By Steve Weinstein
By Bryan Bierman
By Lindsey Rhoades
By Chaz Kangas
By Ben Westhoff and Sarah Purkrabek
By Jena Ardell
By Jesse Sendejas Jr.
By Katherine Turman
Beyond Destiny's Child and in theory Avril Lavigne, none of the 35 artists could currently be called a blockbuster: no U2, Springsteen, Nelly, Jay-Z. All but two of the 16 tracks are collaborations, and 10 cross boundaries among what I calculate, after sorting out dual citizenships and residencies, as 13 nations. Only Les Nubians, French sisters of Cameroonian heritage who spent a patch of girlhood in Chad, and Nigerian-born ex-busker Keziah Jones are in any way sub-Saharan. Yet more than half the artists, including eight of the 11 Americans and four of the seven Brits, are black, and all three of the French-identified acts are also African-identified once you count Algerians Cheb Mami and Rachid Taha. Mix in five reggae singers. Then compare the horrible album for the 1984 Los Angeles games (the ones the Soviets skipped after Jimmy Carter boycotted Moscow 1980 over, how time flies, Afghanistan), featuring Loverboy, Toto, Christopher Cross, and for zat European touch, Foreigner (oops, forgot Giorgio Moroderand John Williams). I would never be essentialist, oh no. There's plenty of bad black pop. But Unity is such an improvement.
Conscious compilations are the musical equivalent of left documentaries, and we're swamped with themanti-Bush punk and indie, useless Fahrenheit 9/11 soundtrack and pointed Songs and Artists That Inspired Fahrenheit 9/11 (half its profits, Michael Moore is such a card, to sports mogul Mark Cuban's Fallen Patriot Fund for the families of American Iraq war casualties), Tell Us the Truth concert smoked by the Coup's Boots Riley, two star-sodden CDs for imprisoned Burmese Nobel Peace Prize winner Aung San Suu Kyi, others. Needless to say, Unity is softer than any of thembut less than you think, and seldom to ill effect. One way these songs avoid sententiousness is by varying the lite reggae/funk that has replaced both AOR thwock-and-thud and big-ballad swell-and-meander as pop's dominant medium of international exchange. Without trucking in inspirational triumphalismuntil neo-schlagermeister Herbert Groenemeyer and anthemic Trevor Horn at the end, anywaythe groove's flexible propulsion provides a positive environment for the promotion of healthy living.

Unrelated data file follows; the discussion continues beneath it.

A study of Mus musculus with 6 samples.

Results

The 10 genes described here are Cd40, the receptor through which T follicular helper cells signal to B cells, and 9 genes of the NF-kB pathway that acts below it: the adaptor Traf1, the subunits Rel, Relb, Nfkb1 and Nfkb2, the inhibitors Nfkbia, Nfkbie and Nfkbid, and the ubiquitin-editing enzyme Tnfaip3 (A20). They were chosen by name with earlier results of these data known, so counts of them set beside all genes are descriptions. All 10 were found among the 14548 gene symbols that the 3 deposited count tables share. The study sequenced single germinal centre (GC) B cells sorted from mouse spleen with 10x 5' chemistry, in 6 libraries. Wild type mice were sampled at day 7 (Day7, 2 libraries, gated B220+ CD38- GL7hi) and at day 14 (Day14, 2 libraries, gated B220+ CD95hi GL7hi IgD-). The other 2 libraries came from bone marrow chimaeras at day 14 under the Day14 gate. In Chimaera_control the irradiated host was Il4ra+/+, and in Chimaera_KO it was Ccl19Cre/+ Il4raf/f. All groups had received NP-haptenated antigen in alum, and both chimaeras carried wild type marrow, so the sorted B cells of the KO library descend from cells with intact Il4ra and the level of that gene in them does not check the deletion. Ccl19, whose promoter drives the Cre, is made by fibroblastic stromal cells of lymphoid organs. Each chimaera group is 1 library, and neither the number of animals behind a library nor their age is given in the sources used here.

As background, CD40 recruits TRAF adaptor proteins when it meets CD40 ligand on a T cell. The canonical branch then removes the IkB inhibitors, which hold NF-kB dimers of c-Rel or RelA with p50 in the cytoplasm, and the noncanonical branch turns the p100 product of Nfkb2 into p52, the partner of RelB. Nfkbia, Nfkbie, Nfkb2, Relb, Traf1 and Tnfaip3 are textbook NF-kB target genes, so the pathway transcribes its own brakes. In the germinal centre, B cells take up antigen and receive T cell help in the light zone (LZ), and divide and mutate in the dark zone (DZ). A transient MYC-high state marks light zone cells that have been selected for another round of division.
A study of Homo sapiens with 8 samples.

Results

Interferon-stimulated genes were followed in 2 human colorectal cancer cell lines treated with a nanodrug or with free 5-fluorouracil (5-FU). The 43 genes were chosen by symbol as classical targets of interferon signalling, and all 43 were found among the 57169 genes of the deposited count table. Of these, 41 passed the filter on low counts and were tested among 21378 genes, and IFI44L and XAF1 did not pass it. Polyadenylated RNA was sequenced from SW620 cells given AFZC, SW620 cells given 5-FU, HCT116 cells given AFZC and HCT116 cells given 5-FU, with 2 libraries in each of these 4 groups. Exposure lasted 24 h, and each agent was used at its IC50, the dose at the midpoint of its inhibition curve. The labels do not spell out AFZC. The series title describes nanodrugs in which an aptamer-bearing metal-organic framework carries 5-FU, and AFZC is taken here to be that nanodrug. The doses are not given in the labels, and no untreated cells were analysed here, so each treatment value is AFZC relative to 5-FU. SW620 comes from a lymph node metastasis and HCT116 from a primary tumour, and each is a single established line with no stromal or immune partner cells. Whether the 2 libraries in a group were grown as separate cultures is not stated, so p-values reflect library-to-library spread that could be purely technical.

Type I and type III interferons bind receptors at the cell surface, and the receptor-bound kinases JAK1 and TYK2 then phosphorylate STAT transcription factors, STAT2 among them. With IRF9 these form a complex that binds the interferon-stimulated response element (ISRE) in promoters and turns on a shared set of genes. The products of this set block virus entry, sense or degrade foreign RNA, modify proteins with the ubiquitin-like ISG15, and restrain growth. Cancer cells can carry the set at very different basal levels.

The adversity acknowledged in almost every track isn't remotely subversive in a pop world sustained by tiny romantic quest narrativeson the Timbaland track, in fact, break-up-to-make-up is played as a metaphor for "unity." That's early on, after Lavigne has established theme"put my guns in the ground," "long black cloud is coming down"with an eloquently unadorned "Knockin' on Heaven's Door." Destiny's Child advise a young woman pushing a stroller to keep her head up (with will.i.am rapping a rousing coda) before Timbaland brings on his white protégée, former Britney backup Kiley Dean, the first of several corporate ringers who acquit themselves impressively. A similar tack is pursued by two EMI hitmakers unknown in the U.S.: Italian gospel fan Tiziano Ferro and U.K. r&b star Jamelia, whose co-written "Universal Prayer" inflects unity with romantic nuance and holds its own with Timbo.
None of these tracks is utterly indelible, but all are top-drawer, and quality slips only slightly as the project's official liberalism becomes more overt. In this context, such also-rans and has-beens as Beres Hammond, Neneh Cherry, and Sting outdo themselves. Earth, Wind & Fire return from limbo; EMI reggae hopeful Mr G refers undisparagingly to "sexuality" from a U.K. where gay activists are waging a just war on dancehall homophobia. Then the groove hardens and the rhetoric escalates: '60s diehard Lenny Kravitz and Iraqi pop fixture Kadim Al Sahir team up on the rock-anchored, Middle Easternflavored "We Want Peace," powering an anti-war passion they unquestionably share however pro forma their music usually seems; the most telling lyrics are Al Sahir's Arabic ones, which include the word "salaam." And then, after a utopian party-up by Macy Gray and Keziah Jones, Moby and Public Enemy go indelible.
These two exceptionally political artists are a matched setfew have rocked the funk aesthetic harder. So out of this feel-good project, consistently pro-peace but mild about it, pops one of 2004's angriest songs, "MKLVFKWR"Chuck D preaching and accusing over high-bpm drums and a sidelong synth bray from the Bomb Squad playbook as the long-AWOL Flavor Flav chants "Mo-B-P-E" behind him. "MKLVFKWR" doesn't advocate taking up arms against the oppressor, but its sound is take-no-prisoners, like moonlighting Bushie Alice Cooper's partner Xzibit shouting, "Get your damn hands up/If they're not shackled to your feet" right after. Even the Euro-rock finale is saved by the inspired "Still Standing," in which Brian Eno fuels Skunk Anansie provocateur Skin and cocky battler Rachid Taha: "We will not roll over," the Jamaican-European and the Berber-European shout at all the vaunting heralds of "sanctity" and "victory," and after Herbert Groenemeyer's mealy-mouthed "the only strategy is love," their desperate resolve sounds so real.